The only remaining vestage of Union Station #3 now stands in the Nationwide Arena District.
You may have seen the famous arch in the arena district and probably thought it was some relic of a building that was once located there. Well, it is a relic from the past, but it wasn't always located there. In fact, the Union Station Arch was located on North High Street right about where the Columbus Convention Center and the Hyatt Regency are today.
The property was deemed too valuable and the restoration work too expensive, the Union Station was torn down to make room for the new buildings— all that is except for the arch which was dismantled into pieces and stored for a number of years until the Arena District was completed. (Read more about how the Union Station Arch was saved from the wrecking ball just minutes before it was demolished.)
Union Station #1
Painting of Union Station looking south
Union Station was Columbus' major train station and was the last of 3 train stations that occupied that area up until 1976.
First Union Station at the corner of North High and Naughten Street (then called North Public Lane). This photo was taken looking northeast and High Street is in the lower left hand corner. Today, the Hyatt Regency Hotel sits about on the same spot and at the same angle as the first Union Station.
The first train depot was built around 1850 (pictured above) was constructed at an angle to North High Street. Within a few years, problems arose with the close proximity to High Street. In 1850 this area was just outside of the Columbus city limits. By 1864 at least 4 railroads crossed High Street and as trains were being made up, arriving or departing they would block High Street for long periods of time. This angered many of the cities citizens living on the growing North Side just as much as it aggravates us today when we have to wait for a train to pass. It was at this station that Abraham Lincoln's funeral train stopped and his casket was taken south to the Ohio Statehouse to lie in state.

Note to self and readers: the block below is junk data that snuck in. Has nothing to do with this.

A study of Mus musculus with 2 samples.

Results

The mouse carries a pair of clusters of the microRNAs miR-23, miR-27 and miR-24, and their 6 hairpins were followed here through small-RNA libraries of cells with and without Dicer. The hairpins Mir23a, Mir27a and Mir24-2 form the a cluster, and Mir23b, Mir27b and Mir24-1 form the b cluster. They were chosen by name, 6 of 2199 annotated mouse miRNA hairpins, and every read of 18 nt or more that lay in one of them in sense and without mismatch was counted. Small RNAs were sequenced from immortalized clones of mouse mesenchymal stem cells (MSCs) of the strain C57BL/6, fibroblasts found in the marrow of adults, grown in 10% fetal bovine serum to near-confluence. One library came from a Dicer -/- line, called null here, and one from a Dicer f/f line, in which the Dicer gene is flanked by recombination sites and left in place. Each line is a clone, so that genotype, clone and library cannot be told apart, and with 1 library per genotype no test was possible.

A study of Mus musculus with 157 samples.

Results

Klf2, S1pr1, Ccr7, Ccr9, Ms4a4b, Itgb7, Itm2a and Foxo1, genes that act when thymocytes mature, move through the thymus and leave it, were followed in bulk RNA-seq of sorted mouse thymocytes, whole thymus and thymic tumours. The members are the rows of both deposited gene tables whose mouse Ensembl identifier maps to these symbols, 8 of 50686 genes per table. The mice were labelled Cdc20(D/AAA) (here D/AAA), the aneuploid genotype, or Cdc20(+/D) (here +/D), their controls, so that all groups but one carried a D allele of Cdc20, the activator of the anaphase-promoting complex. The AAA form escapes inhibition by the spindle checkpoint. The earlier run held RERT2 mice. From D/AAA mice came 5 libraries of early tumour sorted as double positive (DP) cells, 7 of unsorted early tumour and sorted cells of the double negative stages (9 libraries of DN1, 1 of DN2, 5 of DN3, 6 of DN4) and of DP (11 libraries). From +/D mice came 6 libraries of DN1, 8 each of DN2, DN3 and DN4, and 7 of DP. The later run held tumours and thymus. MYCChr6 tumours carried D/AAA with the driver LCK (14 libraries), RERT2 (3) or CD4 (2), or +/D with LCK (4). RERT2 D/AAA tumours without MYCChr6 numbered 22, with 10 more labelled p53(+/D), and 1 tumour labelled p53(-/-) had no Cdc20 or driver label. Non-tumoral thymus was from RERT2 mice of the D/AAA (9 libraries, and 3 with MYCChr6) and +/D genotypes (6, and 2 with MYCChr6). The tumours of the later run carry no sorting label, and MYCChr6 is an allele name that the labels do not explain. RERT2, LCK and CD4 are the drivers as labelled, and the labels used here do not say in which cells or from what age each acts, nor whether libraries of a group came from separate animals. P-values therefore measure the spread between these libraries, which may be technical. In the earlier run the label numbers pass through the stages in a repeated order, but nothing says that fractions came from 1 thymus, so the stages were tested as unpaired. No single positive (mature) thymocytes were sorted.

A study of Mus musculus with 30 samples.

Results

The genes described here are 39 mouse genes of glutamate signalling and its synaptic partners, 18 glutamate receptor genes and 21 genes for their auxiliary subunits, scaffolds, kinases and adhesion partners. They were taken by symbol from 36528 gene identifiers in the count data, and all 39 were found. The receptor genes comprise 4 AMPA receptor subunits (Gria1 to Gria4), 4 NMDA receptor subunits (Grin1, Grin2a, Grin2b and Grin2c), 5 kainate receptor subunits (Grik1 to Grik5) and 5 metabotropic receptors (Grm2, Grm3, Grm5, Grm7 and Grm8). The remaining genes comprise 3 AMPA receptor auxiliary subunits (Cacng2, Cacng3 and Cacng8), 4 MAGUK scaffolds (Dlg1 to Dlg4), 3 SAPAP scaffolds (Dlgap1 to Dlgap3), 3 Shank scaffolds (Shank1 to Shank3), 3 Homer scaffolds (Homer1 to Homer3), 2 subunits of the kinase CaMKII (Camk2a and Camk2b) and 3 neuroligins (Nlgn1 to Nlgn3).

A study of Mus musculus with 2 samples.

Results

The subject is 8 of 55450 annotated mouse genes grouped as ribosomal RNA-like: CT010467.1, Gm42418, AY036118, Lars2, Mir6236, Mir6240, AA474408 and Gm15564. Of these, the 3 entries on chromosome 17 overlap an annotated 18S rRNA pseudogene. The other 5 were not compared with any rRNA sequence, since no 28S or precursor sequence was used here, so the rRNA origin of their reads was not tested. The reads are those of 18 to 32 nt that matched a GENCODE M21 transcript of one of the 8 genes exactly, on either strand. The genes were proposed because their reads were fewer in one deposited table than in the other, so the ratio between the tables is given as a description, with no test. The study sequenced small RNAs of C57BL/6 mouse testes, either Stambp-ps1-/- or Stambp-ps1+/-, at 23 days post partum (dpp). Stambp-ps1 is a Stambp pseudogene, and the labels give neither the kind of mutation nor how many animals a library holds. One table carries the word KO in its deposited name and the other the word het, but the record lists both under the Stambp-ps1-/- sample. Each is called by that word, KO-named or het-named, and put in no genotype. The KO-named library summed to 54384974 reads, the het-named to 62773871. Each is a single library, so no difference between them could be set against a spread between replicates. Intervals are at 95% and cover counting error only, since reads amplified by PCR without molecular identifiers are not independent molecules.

Lincoln Funeral Train Engine at Cleveland before coming
south to Columbus.
Lincoln's Funeral Car at Union Station on April 29, 1865 with guards protecting the car.
Read more about Lincoln's Funeral procession and the events at the Ohio Capitol building.
In 1868 the Union Depot Company of Columbus was incorporated with its purpose to study if a new station could be erected that would better service the city and its residents. This project took almost 7 years to complete. That station would become Union Station #2 and it would last until 1897 when the third, and final Union Station would be built which lasted until the wrecking ball demolished it in 1976 except for a single arch which now stands across from Nationwide Arena.
Today, all of the Union Stations are all but a memory, except for the Union Station Arch. The trains and track have been greatly reduced from their former dominance in the city, but they are still there, just below street level throughout the downtown area. The long freight trains no longer tie up traffic across High Street. In fact, you really have to look to find the trains.